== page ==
I just attended a 3 day seminar on Collaborative divorce. The training was supposed to teach me a more “streamlined” way to handle collaborative cases. For those of you who do not know, Collaborative divorces, at least here in the Tampa bay area usually involve 2 attorneys, a neutral psychological professional “coach” and a neutral financial professional. The beautiful part of the collaborative process is that the psychological professional helps divorcing parties manage the emotional hurdles of the divorce while the financial professional provides an objective assessment of the financial realities of divorce. The lawyers, who are required to be respectful and non adversarial, still represent their clients’ interests, but with the goal of reaching a resolution. The drawback of this system is that it can become expensive– almost never as expensive as “going to court” — but it is not appropriate for people looking simply for a monetarily inexpensive divorce.
My goal in attending the “streamlined” training, was to learn new ways to make the collaborative process accessible to more clients within the middle income range. I must admit that the training, as presented, did not seem to provide what I considered to be a viable method of meeting this goal. This new “streamlined” approach did not reduce the number of professionals and professional fees, but actually added them! In addition to the usual players in a Collaborative Divorce, the streamlined approach proposes the additional of a “child specialist” to the collaborative team and two “coach” psychological professionals—one for each client! Although I haven’t tried this approach yet, my initial reaction was that it was ridiculous. Afterall, how in the world does adding more players to the collaborative team operate to “streamline” the process and make it more available?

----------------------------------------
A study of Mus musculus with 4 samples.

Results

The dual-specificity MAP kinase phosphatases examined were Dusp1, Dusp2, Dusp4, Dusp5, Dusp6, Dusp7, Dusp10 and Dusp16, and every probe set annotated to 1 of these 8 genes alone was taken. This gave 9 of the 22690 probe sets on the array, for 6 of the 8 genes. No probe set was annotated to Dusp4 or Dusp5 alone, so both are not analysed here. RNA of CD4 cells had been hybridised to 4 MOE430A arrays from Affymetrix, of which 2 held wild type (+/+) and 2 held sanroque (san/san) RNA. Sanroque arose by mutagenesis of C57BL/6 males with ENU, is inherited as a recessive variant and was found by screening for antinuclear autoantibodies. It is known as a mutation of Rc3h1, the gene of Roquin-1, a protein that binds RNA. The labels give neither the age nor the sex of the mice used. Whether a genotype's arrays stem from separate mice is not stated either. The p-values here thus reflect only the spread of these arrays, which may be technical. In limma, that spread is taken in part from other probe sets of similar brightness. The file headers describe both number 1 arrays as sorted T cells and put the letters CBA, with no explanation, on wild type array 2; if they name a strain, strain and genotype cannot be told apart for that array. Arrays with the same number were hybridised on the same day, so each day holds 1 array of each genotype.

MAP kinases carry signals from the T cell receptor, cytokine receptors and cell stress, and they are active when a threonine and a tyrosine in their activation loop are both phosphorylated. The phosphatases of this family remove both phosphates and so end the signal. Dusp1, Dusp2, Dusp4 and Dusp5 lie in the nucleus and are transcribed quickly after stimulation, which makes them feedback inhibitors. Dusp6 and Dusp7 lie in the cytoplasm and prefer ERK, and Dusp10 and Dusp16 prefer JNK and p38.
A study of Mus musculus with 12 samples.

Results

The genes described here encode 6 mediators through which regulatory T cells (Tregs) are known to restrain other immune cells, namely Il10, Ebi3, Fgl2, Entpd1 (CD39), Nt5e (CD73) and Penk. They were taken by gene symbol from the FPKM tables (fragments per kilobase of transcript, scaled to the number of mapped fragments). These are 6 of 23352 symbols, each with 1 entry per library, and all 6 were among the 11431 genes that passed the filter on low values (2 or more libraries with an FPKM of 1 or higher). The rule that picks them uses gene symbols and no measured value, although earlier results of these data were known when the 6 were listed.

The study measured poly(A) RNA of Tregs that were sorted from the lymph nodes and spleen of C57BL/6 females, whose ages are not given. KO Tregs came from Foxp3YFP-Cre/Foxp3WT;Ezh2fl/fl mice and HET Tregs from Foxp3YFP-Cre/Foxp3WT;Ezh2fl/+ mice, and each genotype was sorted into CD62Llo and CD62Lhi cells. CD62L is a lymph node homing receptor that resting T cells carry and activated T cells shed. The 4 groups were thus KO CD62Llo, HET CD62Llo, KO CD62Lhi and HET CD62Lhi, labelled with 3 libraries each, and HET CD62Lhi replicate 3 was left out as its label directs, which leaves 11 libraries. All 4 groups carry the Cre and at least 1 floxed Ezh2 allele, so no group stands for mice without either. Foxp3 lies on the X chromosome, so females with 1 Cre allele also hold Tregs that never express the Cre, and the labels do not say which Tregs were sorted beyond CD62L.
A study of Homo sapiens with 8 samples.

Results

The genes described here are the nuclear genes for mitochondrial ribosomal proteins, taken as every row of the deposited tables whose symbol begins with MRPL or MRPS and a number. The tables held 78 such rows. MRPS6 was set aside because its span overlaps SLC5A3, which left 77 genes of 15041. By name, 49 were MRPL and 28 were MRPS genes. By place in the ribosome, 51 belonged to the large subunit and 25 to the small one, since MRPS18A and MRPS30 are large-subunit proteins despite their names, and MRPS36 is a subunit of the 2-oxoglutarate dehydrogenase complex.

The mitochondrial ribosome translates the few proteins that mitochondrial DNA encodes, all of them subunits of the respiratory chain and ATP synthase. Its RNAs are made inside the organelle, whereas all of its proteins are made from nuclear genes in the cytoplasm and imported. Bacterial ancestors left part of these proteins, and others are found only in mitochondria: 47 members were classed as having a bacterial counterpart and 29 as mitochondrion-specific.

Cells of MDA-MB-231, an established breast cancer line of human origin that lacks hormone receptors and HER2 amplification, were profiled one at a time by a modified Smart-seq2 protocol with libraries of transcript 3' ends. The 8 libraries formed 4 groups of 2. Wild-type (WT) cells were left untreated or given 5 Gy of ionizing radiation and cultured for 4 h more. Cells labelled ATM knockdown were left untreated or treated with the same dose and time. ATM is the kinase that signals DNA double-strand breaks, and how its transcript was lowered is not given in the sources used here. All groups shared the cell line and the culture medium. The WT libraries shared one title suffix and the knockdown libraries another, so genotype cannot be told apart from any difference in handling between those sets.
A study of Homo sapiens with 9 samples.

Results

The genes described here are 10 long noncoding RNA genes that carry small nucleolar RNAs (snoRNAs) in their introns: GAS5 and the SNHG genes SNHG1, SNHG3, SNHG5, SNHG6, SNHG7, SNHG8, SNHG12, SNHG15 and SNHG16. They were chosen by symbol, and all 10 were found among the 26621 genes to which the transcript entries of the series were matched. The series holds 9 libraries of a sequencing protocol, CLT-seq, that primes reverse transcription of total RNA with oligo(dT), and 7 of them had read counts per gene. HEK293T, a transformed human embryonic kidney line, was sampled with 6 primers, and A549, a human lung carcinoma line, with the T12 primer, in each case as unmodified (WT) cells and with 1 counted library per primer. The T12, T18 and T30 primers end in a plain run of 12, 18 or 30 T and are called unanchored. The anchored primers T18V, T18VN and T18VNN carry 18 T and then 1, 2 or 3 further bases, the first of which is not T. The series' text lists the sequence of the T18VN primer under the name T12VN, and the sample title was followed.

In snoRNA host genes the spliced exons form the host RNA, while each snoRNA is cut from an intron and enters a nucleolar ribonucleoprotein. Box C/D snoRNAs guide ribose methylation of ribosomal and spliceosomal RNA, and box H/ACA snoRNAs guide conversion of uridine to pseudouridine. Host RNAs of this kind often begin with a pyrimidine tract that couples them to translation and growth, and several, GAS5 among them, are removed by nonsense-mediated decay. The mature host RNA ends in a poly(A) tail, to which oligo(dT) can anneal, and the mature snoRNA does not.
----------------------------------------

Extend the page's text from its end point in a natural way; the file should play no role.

It all seemed absurd to me until I had lunch with, sat next to and interacted with many of the local psychological professionals in attendance at the meeting. I was reminded of how adept and aware they are of the psychological impact of divorce on the parties and their children. I was reminded that the goal of a successful divorce is to leave the children and the parties as emotionally whole as possible and with the skills to create a different life. The same applies to my interaction with local financial professionals at the meeting. They are unique in that they are fixated on preserving assets and helping clients achieve a viable financial future in the wake of a divorce. The fact is that, as a legal professional, I don’t have the skills to help my clients reach this goal without the input of other trained professionals.
After a long weekend and much reflection, I now understand that my initial rejection of this new approach was in error. Even though the streamlined approach involves more professionals and, therefore, more professional fees, the skill of these professionals is more likely to reduce the number of meetings and more quickly move the process toward a final and healthier solution for clients.
In keeping with the counter intuitive nature of the collaborative process, what I initially dismissed as a method unlikely to produce results, may well turn out to be a valuable way to help families. I intend to employ this “streamlined” protocol in my collaborative practice.
To learn more about Collaborative Divorce and the Streamlined Protocol, contact the office for a Consultation on Collaboration.